Changes in the regulatory landscape have given great prominence to the reasonableness of compensation. Reasonable compensation is a requirement of virtually every aspect of financial services, and the attention is likely to increase with every new regulation. Compensation has also been the prime target for recent litigation.
After years of certifying the reasonableness of compensation, Dalbar found little difficulty with investment and insurance products or services such as record keeping, administration or custody. The products and services have a well-defined role, and while there have been excesses, these excesses are easily identified and corrected.
Advisor compensation, however, has been a challenge. While the amount of compensation is easily determined, the role and services provided are often poorly defined. These inadequate explanations, both verbal and written, create the illusion of excess. For the most part, it is the advisors themselves that make their compensation appear excessive. Advisors who articulate a well-defined and valuable role and can explain the services they provide to the average consumer generally have no trouble proving that their compensation is reasonable.
There are several ways that advisors devalue their role so that compensation appears to be excessive. The two most common ways that advisors undervalue their role are in the definition of that role and describing the associated services. Amazingly, these failures can be corrected at virtually no cost, but will require a change in thinking and in language.
Defining the Role
Unlike any other professional, advisors often think of their role as selling products and services. Imagine doctors thinking of themselves as salesmen of hospital stays and operations. Or attorneys as lawsuit salesmen. Or auto mechanics as salesmen of car parts. Or athletes as salesmen of admission tickets to games! Such roles would not come close to explaining their compensation, even though those roles give rise to their compensation.
Like the doctor, attorney, mechanic and athlete, the advisor has a greater mission that should define his or her role. Among the best that we have seen has been “…to develop recommendations and monitor progress to a personal goal.” This is a role that has an enormous value to clients.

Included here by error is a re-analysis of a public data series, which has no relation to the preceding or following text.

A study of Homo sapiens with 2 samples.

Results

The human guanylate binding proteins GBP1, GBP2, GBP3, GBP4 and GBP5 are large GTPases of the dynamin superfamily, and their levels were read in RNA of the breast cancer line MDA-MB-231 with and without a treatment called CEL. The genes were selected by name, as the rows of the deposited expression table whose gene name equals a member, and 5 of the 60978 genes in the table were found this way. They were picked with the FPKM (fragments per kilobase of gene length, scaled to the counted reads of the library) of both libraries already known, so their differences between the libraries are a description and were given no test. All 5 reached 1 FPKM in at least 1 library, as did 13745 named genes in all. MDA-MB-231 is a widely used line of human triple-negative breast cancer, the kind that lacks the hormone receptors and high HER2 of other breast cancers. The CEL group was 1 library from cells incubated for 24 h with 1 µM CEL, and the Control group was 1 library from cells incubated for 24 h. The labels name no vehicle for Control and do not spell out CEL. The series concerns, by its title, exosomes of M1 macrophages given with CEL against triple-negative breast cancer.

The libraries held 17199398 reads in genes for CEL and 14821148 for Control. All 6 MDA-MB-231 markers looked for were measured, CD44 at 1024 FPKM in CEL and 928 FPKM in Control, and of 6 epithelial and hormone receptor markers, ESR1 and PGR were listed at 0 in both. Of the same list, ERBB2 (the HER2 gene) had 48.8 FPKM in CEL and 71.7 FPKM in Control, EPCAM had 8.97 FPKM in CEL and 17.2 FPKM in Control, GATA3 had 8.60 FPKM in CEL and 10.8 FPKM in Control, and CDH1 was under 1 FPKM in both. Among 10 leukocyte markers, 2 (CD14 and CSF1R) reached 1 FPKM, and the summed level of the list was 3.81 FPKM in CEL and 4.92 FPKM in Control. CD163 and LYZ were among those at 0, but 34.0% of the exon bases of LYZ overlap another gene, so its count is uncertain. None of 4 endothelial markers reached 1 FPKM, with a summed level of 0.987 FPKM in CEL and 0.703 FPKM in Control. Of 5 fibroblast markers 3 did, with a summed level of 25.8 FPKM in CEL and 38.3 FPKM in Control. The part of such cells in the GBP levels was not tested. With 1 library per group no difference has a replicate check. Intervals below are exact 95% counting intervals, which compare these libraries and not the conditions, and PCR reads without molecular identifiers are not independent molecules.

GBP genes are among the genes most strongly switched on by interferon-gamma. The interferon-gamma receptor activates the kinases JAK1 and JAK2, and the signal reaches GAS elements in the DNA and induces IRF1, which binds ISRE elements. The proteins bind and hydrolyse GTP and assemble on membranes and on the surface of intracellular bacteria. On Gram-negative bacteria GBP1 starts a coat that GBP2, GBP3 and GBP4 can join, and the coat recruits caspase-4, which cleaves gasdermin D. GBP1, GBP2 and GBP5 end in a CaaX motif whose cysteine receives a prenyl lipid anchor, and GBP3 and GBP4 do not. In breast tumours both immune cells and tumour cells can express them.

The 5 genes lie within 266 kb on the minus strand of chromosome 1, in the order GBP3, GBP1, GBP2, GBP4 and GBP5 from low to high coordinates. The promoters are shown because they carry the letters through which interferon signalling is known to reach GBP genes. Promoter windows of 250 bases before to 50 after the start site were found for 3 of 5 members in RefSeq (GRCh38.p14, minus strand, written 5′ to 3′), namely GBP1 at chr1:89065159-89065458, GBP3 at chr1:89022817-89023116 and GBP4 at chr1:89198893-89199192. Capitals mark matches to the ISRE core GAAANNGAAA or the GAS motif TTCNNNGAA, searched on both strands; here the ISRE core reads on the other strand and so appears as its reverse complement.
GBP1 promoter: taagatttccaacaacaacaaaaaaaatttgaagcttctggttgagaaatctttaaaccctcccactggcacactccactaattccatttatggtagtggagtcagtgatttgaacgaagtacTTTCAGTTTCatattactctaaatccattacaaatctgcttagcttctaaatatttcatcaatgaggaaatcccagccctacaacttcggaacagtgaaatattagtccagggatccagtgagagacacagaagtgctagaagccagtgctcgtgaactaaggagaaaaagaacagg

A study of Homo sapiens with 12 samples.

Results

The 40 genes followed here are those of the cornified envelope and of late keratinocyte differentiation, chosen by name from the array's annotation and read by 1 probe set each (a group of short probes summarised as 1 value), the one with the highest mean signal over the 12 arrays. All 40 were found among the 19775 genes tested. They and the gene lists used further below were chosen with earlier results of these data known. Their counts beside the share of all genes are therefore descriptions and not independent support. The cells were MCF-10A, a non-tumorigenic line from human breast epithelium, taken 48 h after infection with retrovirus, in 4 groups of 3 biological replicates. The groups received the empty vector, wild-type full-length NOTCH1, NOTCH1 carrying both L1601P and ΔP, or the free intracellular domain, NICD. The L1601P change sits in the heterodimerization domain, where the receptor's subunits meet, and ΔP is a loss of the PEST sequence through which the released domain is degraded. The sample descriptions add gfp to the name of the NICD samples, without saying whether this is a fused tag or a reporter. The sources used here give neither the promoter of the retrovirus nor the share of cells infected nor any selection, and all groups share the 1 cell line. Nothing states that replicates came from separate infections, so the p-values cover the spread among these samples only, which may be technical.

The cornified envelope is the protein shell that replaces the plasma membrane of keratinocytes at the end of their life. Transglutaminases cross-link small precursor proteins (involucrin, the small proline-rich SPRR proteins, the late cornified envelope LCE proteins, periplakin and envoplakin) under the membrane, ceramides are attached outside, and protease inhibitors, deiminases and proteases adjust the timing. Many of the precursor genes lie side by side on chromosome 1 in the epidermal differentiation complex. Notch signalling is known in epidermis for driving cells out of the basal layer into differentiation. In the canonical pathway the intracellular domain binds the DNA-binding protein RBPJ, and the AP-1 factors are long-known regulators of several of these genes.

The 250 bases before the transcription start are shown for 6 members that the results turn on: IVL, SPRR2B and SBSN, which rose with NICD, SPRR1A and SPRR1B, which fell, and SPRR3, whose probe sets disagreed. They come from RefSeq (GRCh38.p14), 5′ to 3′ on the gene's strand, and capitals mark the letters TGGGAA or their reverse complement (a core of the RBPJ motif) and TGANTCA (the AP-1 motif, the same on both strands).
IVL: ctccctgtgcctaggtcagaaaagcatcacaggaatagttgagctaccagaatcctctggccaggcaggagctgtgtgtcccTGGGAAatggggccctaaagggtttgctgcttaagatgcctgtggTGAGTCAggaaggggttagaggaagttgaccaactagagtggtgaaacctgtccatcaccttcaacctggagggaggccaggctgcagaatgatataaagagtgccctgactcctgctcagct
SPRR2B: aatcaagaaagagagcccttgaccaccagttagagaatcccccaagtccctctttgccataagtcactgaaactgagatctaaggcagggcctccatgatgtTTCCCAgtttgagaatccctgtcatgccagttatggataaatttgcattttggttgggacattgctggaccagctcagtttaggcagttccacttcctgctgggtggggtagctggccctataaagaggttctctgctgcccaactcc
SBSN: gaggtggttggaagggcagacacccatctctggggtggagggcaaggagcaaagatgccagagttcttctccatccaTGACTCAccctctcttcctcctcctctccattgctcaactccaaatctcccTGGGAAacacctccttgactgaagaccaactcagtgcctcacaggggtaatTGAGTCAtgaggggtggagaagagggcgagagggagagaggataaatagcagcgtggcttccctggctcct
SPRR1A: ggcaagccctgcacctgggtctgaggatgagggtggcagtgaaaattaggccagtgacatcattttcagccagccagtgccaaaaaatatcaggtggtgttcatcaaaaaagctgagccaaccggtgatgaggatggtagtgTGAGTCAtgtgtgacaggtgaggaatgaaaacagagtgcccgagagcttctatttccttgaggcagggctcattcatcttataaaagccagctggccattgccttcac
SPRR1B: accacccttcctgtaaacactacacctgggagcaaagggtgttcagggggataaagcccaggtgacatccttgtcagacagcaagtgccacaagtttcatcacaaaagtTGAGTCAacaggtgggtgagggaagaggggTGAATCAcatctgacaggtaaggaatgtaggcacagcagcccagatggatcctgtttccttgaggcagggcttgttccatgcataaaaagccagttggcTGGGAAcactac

The second area of personal devaluation for advisors are the services provided. The most frequently used description of advisor services is an unnecessarily forced fit into a regulatory requirement. Advisors description of services often recite “…provide education regarding…” Others describe even less value with statements like “…provide information…” On a less formal basis, advisors often describe their service as “hand holding.” These are a few of many self-deprecating terms advisors use to define their services.
A more accurate description of what advisors actually do translates to reasonable compensation. The following are a number of such services that are routinely provided by many advisors today.
- Identify individuals/businesses that could benefit from or are in need of the services of a financial professional.
- Explore and discover what the interests, goals, needs, situation and preferences are for clients and potential clients and make appropriate recommendations.
- Monitor market conditions and other factors that may affect clients and determine if and when action should be recommended.
- Answer questions and concerns from clients as they arise.
- Periodically review the situation of each client to determine if changes are prudent and make appropriate recommendations.
- Manage investments in client portfolio to pursue a risk/reward objective.
- Review investment results with clients.
- Provide administrative support for clients, if and when needed.
By simply describing services in an appropriate way, it becomes unnecessary to perform additional tasks to justify compensation or to reduce compensation to reflect a poorly described set of services.
Finding of Reasonableness
The well-articulated role and properly described services explain the benefits to clients, but the ultimate step in determining reasonableness is the cost. Compensation is inherently reasonable when the benefits are worthwhile and the cost to the client has a direct relationship to the advisor’s cost.
The final step in determining reasonableness is to compare the advisor’s compensation to the advisor’s cost. This comparison provides for a profit margin, which is typically as much as 50% but can exceed that level under certain circumstances. Depending on the purpose for assessing reasonableness, this comparison may be done in aggregate for all clients, for specific sets of clients or for individual clients.
The historical experience is that the overwhelming majority of situations are found to be reasonable, but there are usually a few that need attention.
In addition to proving reasonableness, a well-articulated role and a clear description of advisor services also provides a powerful marketing message when faced with discriminating prospective clients and powerful competitors. Existing clients are also reassured of the wisdom of their choice on hearing such a presentation.